This Saturday marks a year since Libya’s Khalifa Haftar ordered his self-styled Libyan National Army (LNA) to march on Tripoli to expel the Government of National Accord (GNA). On 11 April last year, MEMO published an article that said Haftar could not retreat as to do so at the time could have brought about his political and military demise.
One year on and the stakes have gone up, so that accepting a conditional ceasefire would be a big risk for the general. This was demonstrated by his refusal to sign a Russia-Turkey mediated ceasefire document during his visit to Moscow on 13 January. Moreover, the UN organised meetings of a joint LNA-GNA military commission in Geneva, tasked with agreeing a permanent ceasefire; the effort ended in failure after two rounds of talks.
The LNA offensive on Tripoli has widened the proxy war, bringing more countries and foreign fighters into the field. Yet neither side has managed to make a breakthrough and gain any sizeable territories. Although the LNA took the strategic coastal city of Sirte 500 km east of Tripoli in January, that victory failed to be translated into any further gains on the road to the capital. Even if the LNA could advance beyond its current positions west of Sirte, it would still have to deal with formidable Misrata, the semi-state city in western Libya enjoying direct access to Turkish arms, drones, mercenaries and ammunition.
Closer to Tripoli, particularly around its devastated airport, the fighting has not stopped, despite the ceasefire agreed in Moscow but never formalised. While no major battles have been fought, intermittent fighting has continued without any gains for either side. What one side loses in any particular week it is likely to regain in the next, and vice versa.
Serious fighting did take place in the last week of March around Abu Grain, though, where both sides claimed victory. The little town nearly 400 kilometres to the east of Tripoli, saw heavy fighting in which drones were used; serious casualties were reported by both sides. Misrata’s well-armed militias are supporting GNA and suffered big losses.
LNA troops laying siege to the southern outskirts of Tripoli have failed to gain more ground in the advance on the capital. However, slow progress can be seen around the Ain Zara front line and Salaheddin districts, southeast and south of Tripoli respectively. I went as close to the front line as possible in that area two weeks ago and noticed that almost all of the apartments, houses and even the Diabetes Hospital have been evacuated. At least one house was being used by the LNA fighters. A guard at the hospital explained that everyone had been asked to leave because of the approaching front line. Tripoli’s city centre is less than 12 kilometres to the north.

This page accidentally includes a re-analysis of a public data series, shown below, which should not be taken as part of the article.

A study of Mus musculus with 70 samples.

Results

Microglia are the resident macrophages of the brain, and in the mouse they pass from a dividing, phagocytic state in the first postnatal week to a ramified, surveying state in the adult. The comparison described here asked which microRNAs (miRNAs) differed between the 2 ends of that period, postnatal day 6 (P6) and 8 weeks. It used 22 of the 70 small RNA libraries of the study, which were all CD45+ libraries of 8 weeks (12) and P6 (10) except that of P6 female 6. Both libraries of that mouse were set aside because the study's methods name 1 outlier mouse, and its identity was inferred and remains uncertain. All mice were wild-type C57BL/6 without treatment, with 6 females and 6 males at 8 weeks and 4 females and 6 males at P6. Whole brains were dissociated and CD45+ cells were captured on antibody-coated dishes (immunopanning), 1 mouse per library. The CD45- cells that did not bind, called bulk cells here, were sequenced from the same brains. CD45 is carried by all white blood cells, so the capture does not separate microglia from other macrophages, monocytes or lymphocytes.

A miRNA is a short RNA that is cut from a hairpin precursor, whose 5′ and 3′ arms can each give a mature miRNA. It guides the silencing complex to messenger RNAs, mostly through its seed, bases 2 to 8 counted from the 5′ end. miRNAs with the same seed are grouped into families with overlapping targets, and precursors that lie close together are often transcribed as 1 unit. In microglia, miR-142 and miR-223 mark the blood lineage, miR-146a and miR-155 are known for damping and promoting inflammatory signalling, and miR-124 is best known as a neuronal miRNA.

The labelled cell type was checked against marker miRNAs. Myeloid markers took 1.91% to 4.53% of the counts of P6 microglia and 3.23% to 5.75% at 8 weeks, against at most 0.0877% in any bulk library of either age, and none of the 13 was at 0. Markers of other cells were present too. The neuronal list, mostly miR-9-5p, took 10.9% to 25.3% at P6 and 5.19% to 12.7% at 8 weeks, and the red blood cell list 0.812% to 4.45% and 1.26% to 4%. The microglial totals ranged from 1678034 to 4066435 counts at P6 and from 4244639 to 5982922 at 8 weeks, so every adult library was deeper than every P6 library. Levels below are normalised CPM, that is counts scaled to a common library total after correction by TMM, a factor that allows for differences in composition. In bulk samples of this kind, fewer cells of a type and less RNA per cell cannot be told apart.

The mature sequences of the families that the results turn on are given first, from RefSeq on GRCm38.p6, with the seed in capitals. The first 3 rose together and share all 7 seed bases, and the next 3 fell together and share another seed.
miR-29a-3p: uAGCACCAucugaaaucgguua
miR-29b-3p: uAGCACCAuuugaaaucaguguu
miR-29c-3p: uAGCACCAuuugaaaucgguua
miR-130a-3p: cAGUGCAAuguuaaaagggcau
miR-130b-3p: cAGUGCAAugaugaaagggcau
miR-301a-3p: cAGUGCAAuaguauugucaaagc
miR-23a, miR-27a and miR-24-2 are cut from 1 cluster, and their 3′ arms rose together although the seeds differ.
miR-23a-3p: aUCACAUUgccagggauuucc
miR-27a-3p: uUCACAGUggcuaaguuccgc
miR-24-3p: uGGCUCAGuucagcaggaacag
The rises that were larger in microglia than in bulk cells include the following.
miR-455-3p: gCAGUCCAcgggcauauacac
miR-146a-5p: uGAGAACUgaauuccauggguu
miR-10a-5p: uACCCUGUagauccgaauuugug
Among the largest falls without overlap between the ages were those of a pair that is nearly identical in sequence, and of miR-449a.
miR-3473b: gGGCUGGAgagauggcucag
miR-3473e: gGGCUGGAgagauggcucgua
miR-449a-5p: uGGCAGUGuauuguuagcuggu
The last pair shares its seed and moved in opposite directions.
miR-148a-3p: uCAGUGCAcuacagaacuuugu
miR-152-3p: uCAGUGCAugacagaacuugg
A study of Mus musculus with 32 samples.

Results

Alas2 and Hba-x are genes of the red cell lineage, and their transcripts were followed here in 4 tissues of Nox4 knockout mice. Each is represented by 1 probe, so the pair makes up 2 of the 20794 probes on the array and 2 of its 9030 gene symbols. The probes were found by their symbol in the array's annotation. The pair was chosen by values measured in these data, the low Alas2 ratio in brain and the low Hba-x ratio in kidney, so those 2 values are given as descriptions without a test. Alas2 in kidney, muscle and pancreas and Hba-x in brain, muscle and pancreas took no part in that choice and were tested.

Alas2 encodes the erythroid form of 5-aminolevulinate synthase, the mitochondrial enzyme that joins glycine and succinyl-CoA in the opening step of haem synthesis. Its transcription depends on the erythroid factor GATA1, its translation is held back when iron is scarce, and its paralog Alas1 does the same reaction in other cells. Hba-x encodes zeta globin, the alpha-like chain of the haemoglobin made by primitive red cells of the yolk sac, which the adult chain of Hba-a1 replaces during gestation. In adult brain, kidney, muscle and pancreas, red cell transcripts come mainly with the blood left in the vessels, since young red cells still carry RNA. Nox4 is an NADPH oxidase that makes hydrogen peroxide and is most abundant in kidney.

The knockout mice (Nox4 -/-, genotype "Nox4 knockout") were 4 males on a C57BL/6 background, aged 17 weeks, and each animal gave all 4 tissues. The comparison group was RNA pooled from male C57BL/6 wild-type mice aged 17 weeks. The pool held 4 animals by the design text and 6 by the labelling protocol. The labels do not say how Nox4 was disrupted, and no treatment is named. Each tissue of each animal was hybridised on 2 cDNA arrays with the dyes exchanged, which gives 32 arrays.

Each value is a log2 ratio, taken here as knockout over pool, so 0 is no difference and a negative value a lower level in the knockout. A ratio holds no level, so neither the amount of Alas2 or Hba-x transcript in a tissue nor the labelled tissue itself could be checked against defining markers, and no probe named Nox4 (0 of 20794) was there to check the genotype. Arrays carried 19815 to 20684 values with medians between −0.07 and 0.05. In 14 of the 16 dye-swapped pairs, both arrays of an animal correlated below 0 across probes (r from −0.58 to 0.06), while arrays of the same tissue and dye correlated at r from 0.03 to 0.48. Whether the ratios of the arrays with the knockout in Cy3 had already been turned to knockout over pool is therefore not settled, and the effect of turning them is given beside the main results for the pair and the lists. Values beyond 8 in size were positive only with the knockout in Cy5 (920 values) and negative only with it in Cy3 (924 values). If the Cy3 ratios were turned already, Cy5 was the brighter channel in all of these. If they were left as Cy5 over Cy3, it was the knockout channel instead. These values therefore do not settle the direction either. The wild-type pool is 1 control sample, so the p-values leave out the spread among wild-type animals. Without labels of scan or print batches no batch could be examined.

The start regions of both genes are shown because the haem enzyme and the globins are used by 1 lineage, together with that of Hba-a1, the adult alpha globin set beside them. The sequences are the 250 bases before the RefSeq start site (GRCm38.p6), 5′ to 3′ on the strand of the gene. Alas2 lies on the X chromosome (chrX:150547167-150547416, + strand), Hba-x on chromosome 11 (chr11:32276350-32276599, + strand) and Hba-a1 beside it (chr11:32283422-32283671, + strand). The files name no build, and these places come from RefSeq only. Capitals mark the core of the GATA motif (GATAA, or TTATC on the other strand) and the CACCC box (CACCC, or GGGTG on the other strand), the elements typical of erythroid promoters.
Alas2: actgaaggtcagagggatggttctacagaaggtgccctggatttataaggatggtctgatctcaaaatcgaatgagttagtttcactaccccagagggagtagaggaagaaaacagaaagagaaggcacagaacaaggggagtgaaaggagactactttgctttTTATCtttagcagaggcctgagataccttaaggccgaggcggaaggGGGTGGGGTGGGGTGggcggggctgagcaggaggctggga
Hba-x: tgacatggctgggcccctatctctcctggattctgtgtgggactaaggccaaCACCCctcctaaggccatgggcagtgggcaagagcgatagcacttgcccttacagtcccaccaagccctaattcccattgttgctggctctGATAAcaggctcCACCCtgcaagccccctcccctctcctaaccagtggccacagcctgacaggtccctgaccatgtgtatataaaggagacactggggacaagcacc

The past two weeks have witnessed the heaviest bombardment since January across the entire area from Ain Zara to Abu Salim, south-west of Tripoli. While more people have been displaced, little else has been achieved. Even with the threat of coronavirus Covid-19 spreading in the country, heavy shellfire is a daily occurrence, but life goes on as people rush to buy basic necessities while shops are open from 2pm to 7am the following day.
What has changed over the past 12 months of fighting? Desperate to stay in power in the face of the LNA attack, the GNA signed an ambiguous security accord with Turkey on 27 November in which Ankara committed itself to supplying the government with weapons and fighters. President Recep Tayyip Erdogan admitted in February that his country has sent Syrian mercenaries alongside Turkish “advisors” to beef up the GNA defences. Furthermore, the use of drones by both sides has increased. Turkey is known to have at least two drone command centres in Miatiqa Airport, east of the capital and in Misrata. The LNA air force and foreign-supplied drones have targeted both locations on many occasions.
The LNA attack on the capital has also ensured wider Russian involvement in the nine-year-old conflict. While Moscow is denying that it has any role in the bloodshed, it does recognise the presence of mercenaries from Russia’s Wagner Group who are helping Haftar’s forces. Officially, Moscow has always denied any connection to the shadowy security company.
This drawn out battle only highlights the active role of foreign powers and the widespread use of sophisticated drones by both sides. Despite its commitments to stop sending weapons to Libya, Ankara is still doing so. The UAE and Egypt are helping the LNA and doing the same with total disregard for UN Resolution 2510, adopted on 13 February, which calls for all countries to refrain from sending any weapons to the North African country.
In the meantime, nothing is happening on the political front; mediation efforts have stalled following the resignation of UN envoy to Libya Ghassan Salame on 3 March citing “stress”. The UN, overwhelmed by the coronavirus crisis, is unlikely to appoint a replacement any time soon.
Khalifa Haftar is unlikely to accept even a conditional ceasefire despite the fact that his forces have failed to penetrate Tripoli. He might be able to hold on to the same positions that he held a year ago but little else. One year on, he is more determined than ever to do so, but is obviously less successful.
The views expressed in this article belong to the author and do not necessarily reflect the editorial policy of Middle East Monitor.